Status update: checking tweets on the go . . . #sad
Smartphones aren't just changing the world -- they're changing how our brains work, writes Simon Usborne
When you wake up, do you check your emails on your phone in the time it takes your laptop to start up? Do you sometimes feel a buzz in your pocket when there is nothing there? Do you keep your Blackberry on the table at a restaurant, like a digital side plate? Do you struggle to finish a page of a book before your hand twitches and your brain starts imagining the status updates you're almost certainly not missing out on?
No? Then carry on, you're fine. But if you do any of these things and wonder what the technology in your hand might be doing to your head, read on (after you've checked your inbox).
The idea that the internet is diminishing our brains despite linking us to vast reservoirs of knowledge is almost as old as the web, and continues to divide psychologists and neurologists. "Is Google Making Us Stoopid?" asked The Atlantic magazine in 2008, triggering a great debate about digital literacy among those who had the attention span to read the 4,000-word article.
Now we consume technology by ever more mobile means. It sometimes feels as though technology is consuming us. An estimated 65pc of people in the developed world have a smartphone, tablet or laptop. By 2015, eight in 10 of all people are predicted to be connected this way -- all the time.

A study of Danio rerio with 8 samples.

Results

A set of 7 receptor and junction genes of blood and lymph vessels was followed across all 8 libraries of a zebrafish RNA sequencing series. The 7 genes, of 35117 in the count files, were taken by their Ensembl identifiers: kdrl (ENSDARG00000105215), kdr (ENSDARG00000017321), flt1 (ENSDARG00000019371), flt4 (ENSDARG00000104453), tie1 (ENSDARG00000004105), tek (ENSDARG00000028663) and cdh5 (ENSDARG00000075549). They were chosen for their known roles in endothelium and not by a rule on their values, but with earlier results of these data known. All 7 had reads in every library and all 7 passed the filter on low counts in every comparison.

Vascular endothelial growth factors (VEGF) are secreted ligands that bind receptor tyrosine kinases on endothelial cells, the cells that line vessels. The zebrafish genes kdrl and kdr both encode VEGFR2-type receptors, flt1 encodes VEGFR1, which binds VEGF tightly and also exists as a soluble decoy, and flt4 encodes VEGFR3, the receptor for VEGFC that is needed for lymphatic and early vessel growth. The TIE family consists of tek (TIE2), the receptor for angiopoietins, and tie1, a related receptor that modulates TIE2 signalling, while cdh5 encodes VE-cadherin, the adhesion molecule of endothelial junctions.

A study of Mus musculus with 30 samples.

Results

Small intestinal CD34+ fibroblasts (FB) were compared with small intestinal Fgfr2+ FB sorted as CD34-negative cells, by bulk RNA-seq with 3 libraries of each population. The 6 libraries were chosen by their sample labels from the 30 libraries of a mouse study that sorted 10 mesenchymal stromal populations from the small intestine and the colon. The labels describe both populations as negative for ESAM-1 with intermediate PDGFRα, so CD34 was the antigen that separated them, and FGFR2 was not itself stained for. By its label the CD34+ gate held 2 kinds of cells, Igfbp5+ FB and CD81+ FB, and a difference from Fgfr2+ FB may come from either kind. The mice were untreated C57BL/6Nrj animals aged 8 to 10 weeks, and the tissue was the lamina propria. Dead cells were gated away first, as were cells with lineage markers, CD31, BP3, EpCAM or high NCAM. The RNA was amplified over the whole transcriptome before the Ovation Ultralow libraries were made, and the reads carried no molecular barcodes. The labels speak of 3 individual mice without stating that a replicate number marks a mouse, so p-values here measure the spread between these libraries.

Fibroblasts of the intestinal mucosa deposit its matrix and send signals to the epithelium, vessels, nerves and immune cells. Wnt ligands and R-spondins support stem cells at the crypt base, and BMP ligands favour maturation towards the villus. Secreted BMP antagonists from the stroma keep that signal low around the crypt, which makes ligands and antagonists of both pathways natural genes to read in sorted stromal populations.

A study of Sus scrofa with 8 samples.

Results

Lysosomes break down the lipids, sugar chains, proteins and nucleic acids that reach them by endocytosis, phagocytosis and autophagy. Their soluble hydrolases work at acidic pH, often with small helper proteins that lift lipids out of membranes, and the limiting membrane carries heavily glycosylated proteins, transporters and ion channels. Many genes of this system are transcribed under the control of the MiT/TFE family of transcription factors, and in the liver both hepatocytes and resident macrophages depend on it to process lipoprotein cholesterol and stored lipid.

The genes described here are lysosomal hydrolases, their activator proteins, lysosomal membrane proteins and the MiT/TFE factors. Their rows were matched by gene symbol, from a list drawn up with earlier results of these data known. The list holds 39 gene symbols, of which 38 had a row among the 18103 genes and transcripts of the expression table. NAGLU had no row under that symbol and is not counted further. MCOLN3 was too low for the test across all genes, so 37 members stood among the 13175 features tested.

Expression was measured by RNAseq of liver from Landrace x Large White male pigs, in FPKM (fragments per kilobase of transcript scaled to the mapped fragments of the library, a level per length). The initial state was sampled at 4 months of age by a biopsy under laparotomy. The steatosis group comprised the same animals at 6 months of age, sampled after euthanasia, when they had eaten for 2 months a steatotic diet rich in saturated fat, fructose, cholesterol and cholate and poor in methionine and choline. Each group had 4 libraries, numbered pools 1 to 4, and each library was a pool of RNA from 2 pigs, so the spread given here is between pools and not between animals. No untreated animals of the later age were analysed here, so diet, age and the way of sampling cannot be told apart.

Dr Larry Rosen, professor of psychology at California State University, calls these gadgets wireless mobile devices, or WMDs, and explores their potentially explosive effects in his new book, iDisorder: Understanding Our Obsession With Technology and Overcoming Its Hold on Us.
"We're in the middle of a grand experiment here," says Rosen. "We're at the early stages of understanding a society that carries the world in its pocket.
"It's good -- you can always connect with someone -- but it also means you're there, 24 hours a day... Our brains have not developed to be constantly engaged like this."
In his book, Rosen shows how the users of WMDs appear to display an array of personality disorders.
One example is narcissism. To a narcissist, whose traits would include a need for admiration, social networks "provide a virtual playground for self-expression".
A study of 3,000 Twitter users by Rutgers University in the US showed 80pc of all tweets were about "me".
To reduce self-regard, Rosen suggests hesitating before firing off a tweet or update and asking yourself, "is this really the message I want to portray to the world?"
iDisorder: Understanding Our Obsession with Technology and Overcoming Its Hold on Us by Larry R Rosen (Palgrave Macmillan, £15.99).